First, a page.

And now he's gone. The Hippy Dippy Weatherman, the evil Cardinal, the Fillmore bus--is now finding out for sure when and if Jesus will bring the pork chops.
In the 70s I loved his iconoclasm, his potty and drug humor (which was a cut above his closest competitors Cheech y Chong), his clever wordplay. The quintessential hippie smartass. He was such a close observer of the little, strange things we do. And never afraid to call bullshit on our most hallowed, but empty, cultural practices.
RIP, George. Thanks for all of it.
(And is it not a somewhat obscene sign of our times to see all those Parental Advisory Stickers on his album covers? Not so in my day, Kimosabe!)
The talks and videos from TED are almost always astonishing, revelatory, entertaining, and thought-provoking. So far most of the ones I've seen related to technological developments, but now there's this video sent to me by my dear friend and fellow oceanophile Kari Foster. Don't miss the end!
Several things come to mind upon viewing this. First, as the speaker points out, our knowledge of this earth is still quite limited. And yet our hubris is such that we continue to destroy things we're not even aware of--and believe that humanity is the pinnacle of evolution and is thus justified in doing so. We're often quite like apes in the Louvre, aren't we?
Second, what awesome complexities and adaptations arise over time! And how odd that people seem to need to invent a supernatural explanation for something so simple as spontaneous mutation going through the filter of survivability. Again it seems an example of human hubris; it's just not easy to imagine millions upon millions of years shaping short-lived organisms, so a deity must be invented. The Anthropocentric Fallacy strikes again (this time, in the form of a god in whose image we must have been created).
The reader comments are equally enlightening. I especially liked the one that calls for more emphasis on outreach by academics.
And now, back to American Idol.
Well I'll be. Those Six Dollar Burgers must've been put to good use. There's a new plugin called ExitReality that turns *any* web site into a customizable 3-d social space. Pilot websites include Hardee's and Carl's Jr., as described here.
Before you get all snooty about burger joints and cheesy avatars, think about it. All websites can now be VR grids with this tool. We've smelled this coming for some time, eh?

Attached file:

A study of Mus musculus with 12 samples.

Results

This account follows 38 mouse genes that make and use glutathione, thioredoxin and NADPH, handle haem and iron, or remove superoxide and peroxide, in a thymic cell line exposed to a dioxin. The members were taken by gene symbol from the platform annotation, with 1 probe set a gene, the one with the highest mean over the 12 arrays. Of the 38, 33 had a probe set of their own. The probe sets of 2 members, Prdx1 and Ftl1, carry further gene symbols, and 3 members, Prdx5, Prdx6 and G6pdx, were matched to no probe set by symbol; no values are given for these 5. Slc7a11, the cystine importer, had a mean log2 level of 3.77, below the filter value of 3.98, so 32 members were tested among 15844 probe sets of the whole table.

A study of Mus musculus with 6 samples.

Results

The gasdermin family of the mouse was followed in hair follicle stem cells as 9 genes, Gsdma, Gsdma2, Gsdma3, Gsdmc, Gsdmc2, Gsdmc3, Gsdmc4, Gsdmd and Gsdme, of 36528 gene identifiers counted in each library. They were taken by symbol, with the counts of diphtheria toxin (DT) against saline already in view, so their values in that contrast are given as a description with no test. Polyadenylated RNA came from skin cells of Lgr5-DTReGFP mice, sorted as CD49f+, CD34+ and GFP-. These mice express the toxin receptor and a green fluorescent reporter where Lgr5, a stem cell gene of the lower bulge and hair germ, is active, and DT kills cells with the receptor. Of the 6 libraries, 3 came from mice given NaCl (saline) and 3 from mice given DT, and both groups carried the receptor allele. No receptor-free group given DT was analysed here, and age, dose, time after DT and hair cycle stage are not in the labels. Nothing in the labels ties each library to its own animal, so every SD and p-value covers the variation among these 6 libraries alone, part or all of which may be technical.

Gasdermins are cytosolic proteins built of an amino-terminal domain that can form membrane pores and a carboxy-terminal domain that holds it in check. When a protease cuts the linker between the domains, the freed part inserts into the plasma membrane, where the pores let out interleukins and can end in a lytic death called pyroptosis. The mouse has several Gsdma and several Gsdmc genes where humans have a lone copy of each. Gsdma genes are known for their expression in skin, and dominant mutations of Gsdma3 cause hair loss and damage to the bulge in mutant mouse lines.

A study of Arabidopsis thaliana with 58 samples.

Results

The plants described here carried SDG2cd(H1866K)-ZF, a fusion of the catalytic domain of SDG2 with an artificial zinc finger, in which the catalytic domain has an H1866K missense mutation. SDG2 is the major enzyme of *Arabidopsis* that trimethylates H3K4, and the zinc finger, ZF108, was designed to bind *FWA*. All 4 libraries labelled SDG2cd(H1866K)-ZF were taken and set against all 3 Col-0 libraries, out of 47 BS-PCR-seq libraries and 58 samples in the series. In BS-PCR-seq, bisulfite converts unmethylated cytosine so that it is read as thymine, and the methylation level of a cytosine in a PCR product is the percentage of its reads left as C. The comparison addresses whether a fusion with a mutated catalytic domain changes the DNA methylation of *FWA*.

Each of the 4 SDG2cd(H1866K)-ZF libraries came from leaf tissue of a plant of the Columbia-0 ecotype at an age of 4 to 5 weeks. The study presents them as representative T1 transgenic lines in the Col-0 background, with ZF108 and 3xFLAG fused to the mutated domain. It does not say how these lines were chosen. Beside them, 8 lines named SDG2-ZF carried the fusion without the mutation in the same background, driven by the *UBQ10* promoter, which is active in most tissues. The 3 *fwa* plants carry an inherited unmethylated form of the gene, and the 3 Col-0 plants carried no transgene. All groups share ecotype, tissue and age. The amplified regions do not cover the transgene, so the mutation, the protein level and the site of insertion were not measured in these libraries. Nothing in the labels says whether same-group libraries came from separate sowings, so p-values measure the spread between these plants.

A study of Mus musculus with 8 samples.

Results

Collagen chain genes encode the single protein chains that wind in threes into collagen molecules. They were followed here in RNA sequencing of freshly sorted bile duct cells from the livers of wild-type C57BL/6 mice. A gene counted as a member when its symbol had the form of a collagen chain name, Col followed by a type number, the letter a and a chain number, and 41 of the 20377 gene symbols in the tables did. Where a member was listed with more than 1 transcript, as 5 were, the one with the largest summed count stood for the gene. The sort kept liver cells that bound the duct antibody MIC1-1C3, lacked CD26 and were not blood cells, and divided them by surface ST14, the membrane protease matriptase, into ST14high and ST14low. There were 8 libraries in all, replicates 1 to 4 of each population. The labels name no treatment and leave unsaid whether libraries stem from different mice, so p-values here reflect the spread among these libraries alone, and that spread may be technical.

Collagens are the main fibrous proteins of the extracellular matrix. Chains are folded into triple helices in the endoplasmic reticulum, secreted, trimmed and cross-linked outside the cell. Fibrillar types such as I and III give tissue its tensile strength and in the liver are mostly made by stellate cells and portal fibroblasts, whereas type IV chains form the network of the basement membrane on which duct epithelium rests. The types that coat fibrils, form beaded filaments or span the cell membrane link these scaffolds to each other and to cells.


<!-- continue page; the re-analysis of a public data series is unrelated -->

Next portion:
If you have the plugin installed and click the "Launch in 3D" button on this page, you'll see a view much like this screenshot. Default page extrusions include a scrolling window, images and hyperlinks floating above the floor, and a glossy grey studio look. I modified mine with different textures and of course added a few animated fish.
MySpace users get a default template that looks a lot like a hip club, with the user's profile pic prominently displayed and doors leading to their friends' spaces. Profile owners can change the whole building theme, swap out a different sky, and insert/edit objects like sofas and photo frames.
What's more, it looks like they've created a default view for Flickr sets that resembles an art gallery, as shown in this screenshot.
As of now this thing only runs in Windows, but think of it as a proof of concept. It's based on VRML, the virtual reality modeling language that has been around for over a decade (I initiated the "virtual prison cell" VRML page at Fla. Department of Corrections when I was their webmaster circa 1996).
This is surely the first of many web.3d tools.....
There are already plenty of counterrevolutionary commentators, some of whom make the good point that Edupunk is not for everyone and will not really appeal to the folks who want a simple package of solutions. And there will no doubt be overextension of the metaphor, along with orthodoxy battles. Brings to mind the value of Queer Theory, which I posted about earlier.
I was not an original punk (though I just saw X play last Friday night and loved them :) but I think I'll be edupunkish, for a while anyway. Fits.
First there were tag clouds, then the Flickr Related Tag browser, now this: 3-D concept mapping. It's not a sophisticated implementation and it only works with Flickr tags--but consider the possibilities.
Here, browsing a few eco-tags shows an expected visual and anthropocentric bias. Wouldn't it be great to get this kind of output from a tool like Crawdad?